How the Pixies Followed Up ‘Doolittle’ With ‘Bossanova’
The Pixies' full-length debut, Surfer Rosa, kicks off with an angry, stomping drum beat joined by splintering guitars and, finally, the mad shouting of Black Francis – a kind of perverted street preacher who proceeds to go on about watching women eat fast food and staring at their lips. Their follow-up, Doolittle, opens with a full-spectrum guitar chord, Francis screaming to the utter limits of vocal credibility about slicing eyeballs and laughing violently – like one might laugh into the face of someone they were about to strangle to death.
It's easy to talk about Bossanova, the band's follow-up to Doolittle, in terms of the things it lacks. For one, it lacks the kind of mood-shattering introduction that make Surfer Rosa and Doolittle discreet, violent worlds unto themselves. (Instead, the album kicks off with a note-on cover of an obscure surf instrumental.) It also lacks any songwriting contributions from bassist Kim Deal, and contains barely any of her singing, which had been an essential counterpoint to Francis' gut-splitting howl on the band's earlier releases. It lacks the graphic sexual fixations that made the other records feel, at times, so pervertedly honest. It lacks a song that breaks all of the rules of the album, complicating its topography, the way "Hey" does on Doolittle or "Where is My Mind?" on Surfer Rosa.
The terrain of Bossanova is relatively even, though no less awe-inspiring. The album boasts the biggest-sounding production, and some of the band's simplest and most beautiful songs. And the album is a kind of clarifying of vision for Black Francis, who wrote every song save for "Cecilia Ann" -- a first for a Pixies record -- and who still calls it his favorite Pixies record.
Francis was able to clarify his vision due in large part to the turmoil that had engulfed the band. When the Pixies released Doolittle in 1989, tensions between Francis and Deal, the band's other visionary, were at the point of combustion. By the end of Doolittle's supporting tour, they'd gone supernova. Deal was unhappy that Francis was making less room for her creative contributions; Francis was less than receptive to her complaints. During the Doolittle tour, things boiled over (particularly after Francis threw his guitar at her during a tour stop in Germany). When the band went on hiatus after the tour, Deal decided to give up the fight and focus on her work with the Breeders.
Bossanova became a pure distillation of Francis' vision. The band set up shop in Los Angeles in early 1990 to record the album, far from their hometown of Boston, where they'd recorded Doolittle. Instead of spending lengthy amounts of time writing and demoing the songs the way he did for Doolittle, Francis wrote during the recording sessions.
That alone likely contributed in a significant way to the record's even gait relative to the band's previous output. Surfer Rosa, in relief, was a sonic and emotional minefield that detonated intermittently and of its own will, leaving bloody dresses and broken bodies scattered among the debris; Doolittle fused alternately psychopathic and apocalyptic thoughts with dichotomistic sounds (like Francis' and Deal's intertwining vocals) in a kind of thick stew.
Bossanova is more like, well, a conventional record -- a collection of like moments united by a crystallized theme. The songs retain the latent manic hunger that characterizes the band's previous work while supplanting the simmering sexual anger and buried social neuroses with snapshots of dreams about space ships and surfing. And the music still manages to fit in with the rest of the band's catalog. Some of the songs are simply gorgeous. "Blown Away" is one of several moments on Bossanova that approximate being swallowed by a tidal wave. Appropriately, the lyrics are about having nothing to say in the face of beauty and collapse.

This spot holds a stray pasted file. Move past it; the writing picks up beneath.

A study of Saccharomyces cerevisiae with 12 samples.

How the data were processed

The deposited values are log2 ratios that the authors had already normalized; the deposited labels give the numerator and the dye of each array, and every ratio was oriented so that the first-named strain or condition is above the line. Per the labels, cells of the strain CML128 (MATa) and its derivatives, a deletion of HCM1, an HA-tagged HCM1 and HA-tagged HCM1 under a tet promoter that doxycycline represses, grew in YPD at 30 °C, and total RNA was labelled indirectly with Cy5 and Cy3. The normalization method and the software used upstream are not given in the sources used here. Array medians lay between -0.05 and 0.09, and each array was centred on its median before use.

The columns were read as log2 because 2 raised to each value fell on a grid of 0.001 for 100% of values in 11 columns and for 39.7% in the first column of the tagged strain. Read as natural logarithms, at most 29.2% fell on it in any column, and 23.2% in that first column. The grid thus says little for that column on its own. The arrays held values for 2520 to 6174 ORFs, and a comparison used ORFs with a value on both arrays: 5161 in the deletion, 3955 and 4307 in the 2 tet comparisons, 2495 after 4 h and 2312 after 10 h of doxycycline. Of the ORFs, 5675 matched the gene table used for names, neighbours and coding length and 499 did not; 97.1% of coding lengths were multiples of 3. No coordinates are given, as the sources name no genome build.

The sound of "Havalina" is similarly numbing in its sheer prettiness, evoking both Phil Spector's castle-like production and the breeziness of a surf movie soundtracks. Francis watches little razorbacked hogs trot across the Arizona desert.
One can listen in actual awe at these ornate musical edifices and still miss Francis at his most destructive. "Velouria" is among Francis' best achievements as a songwriter, and of a particular type that he sometimes employs: Chest-clinching choruses rise over ascending chord patterns, while Francis rings a rare, supernatural sweetness out of his voice. There's precedence for this kind of song as far back as "Caribou," from the band's debut EP Come on Pilgrim, and "Wave of Mutilation" from Doolittle. But where "Wave" tells the story of a particularly picturesque suicide, Velouria is just picturesque. "We will wade through the shine of the ever," Francis croons. It's a nice image to fall asleep to, and one you don't have to worry about haunting your dreams.
So it is, too, with all of Bossanova's strongest tracks: The brief, powerful pop gem "Allison"; the sweetly hallucinatory "Dig For Fire," the funkiest Pixies tune on record; the euphoric poem "Ana." All are lyrically cohesive and exultantly catchy; none instigate the kind of psychic unease that until then gave the Pixies their signature mix of pretty rock and perversion.
Still, it's unfair that Bossanova has largely been defined by what it lacks rather than what it has to offer. The uneasy interaction of Francis' voice with Deal's is missed, as is the danger that always seemed to lurk beneath the surface of the music. But what we're left with is an album clear in its intentions and consistent in what it delivers and also brimming with sheer beauty, in a way that, for better or worse, is unhindered by any subsumed ugliness. Among a relatively small discography, Bossanova deserves its place beside the all-time classics.